WANTED: Christian leaders and teachers! Must have church membership and a pulse! Does this sound familiar? Too often in ministry we find ourselves shorthanded when it comes to responsible leaders. We have positions to fill and not enough qualified leaders to fill them. As a result, we enlist unqualified volunteers hoping for the best and then we find ourselves disappointed. Timothy was a young pastor at Ephesus who probably faced this same ministry challenge. His mentor, the apostle Paul, gave him some key characteristics to look for in potential leaders in 1 Timothy 3:1-15. Paul deals specifically with pastors and deacons in this passage, but these qualifications are a must for anyone in Christian leadership. These characteristics deal with three areas of a leader’s life: his character, competence, and creed.
A leader’s character must be “blameless” and “respectable” (vs. 2, 8). A leader must take every measure to protect his integrity and never give away influence. The reason for this is to avoid falling into “disgrace” and “a snare of the devil” (vs. 7). We lose influence when we lose integrity. How many leaders have been destroyed because a scandal destroyed their influence? Paul warns of some common character flaws that endanger our integrity: sexual sin, self-indulgence, greed, anger, and hypocrisy (vs. 2-8). Nearly all leadership failings stem from these character flaws. Many may disagree with our theology, but a true leader will never give others a valid reason to question his integrity or ethics.
A Christian leader must also be a competent leader who is “sensible” (vs. 2). Someone who is sensible has their priorities straight, is disciplined, and is serious about their responsibility. An unorganized, unprepared person who is flippant about their duties does not need to be given spiritual responsibilities. A Christian leader must be “able to teach.” It is not enough to know God’s Word personally; we must be able to communicate it to others so they understand it. Some aspects of competent leadership must be developed over time, such as the ability to wield leadership with humility (vs. 6). This is why young Christians should not be placed in leadership roles immediately (vs. 6, 10). We must follow before we can lead. One great indicator of leadership competence for an adult is the status in their home. An irresponsible spouse or parent will make an irresponsible leader (vs. 4, 5, 12). Individuals who don’t display competence in secular matters won’t be competent with spiritual matters either (Luke 16:10, 11).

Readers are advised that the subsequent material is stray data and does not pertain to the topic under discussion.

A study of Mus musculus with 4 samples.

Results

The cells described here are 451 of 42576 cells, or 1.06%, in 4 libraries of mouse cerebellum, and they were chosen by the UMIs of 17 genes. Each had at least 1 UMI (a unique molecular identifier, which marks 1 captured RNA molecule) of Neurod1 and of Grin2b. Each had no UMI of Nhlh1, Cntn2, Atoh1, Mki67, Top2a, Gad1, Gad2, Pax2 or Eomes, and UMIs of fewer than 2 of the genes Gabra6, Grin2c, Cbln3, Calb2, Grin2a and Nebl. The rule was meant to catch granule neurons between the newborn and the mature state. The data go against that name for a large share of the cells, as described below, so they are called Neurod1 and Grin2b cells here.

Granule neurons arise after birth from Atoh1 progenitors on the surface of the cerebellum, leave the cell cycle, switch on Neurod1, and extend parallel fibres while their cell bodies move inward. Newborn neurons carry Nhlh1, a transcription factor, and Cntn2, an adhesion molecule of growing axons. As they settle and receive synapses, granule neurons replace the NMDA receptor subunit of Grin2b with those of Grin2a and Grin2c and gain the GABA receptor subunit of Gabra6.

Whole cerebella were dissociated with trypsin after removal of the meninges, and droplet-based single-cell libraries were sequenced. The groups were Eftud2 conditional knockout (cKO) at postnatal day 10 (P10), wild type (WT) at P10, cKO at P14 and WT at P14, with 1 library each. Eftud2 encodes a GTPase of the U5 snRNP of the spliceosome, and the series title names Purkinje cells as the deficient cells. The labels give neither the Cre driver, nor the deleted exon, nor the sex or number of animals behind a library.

A leader must be committed to some type of creed; in our case that creed is the Bible. Christian leaders must hold “the mystery of the faith with a clear conscience” (vs. 9). What is the mystery of faith? “[God] was manifested in the flesh, vindicated in the Spirit, seen by angels, preached among the nations, believed on in the world, taken up in glory” (vs. 16). If a leader cannot affirm the doctrines of Christianity, he is certainly not eligible for Christian leadership. Leaders in a local church should be familiar with the church’s doctrinal statement to insure clear communication on what type of teaching is expected. We cannot compromise our convictions especially where leadership is concerned.
I recently heard a Christian speaker say that we recruit 95% of our problems. Perhaps this is true. It is not enough to simply desire to be a leader (vs. 1), but one must possess godly leadership abilities and ethics. Paul gave this list of leadership qualities to help the church identify those ready to lead and to help leaders to stay on track (vs. 15). We need to intentionally develop these traits in others in order to raise up capable leaders in our churches. If we discard this vital checklist from our leader training and enlisting process, we are ignoring the God of order and inviting chaos into our midst.
This post was originally published in the Baptist & Reflector, February 5, 2013.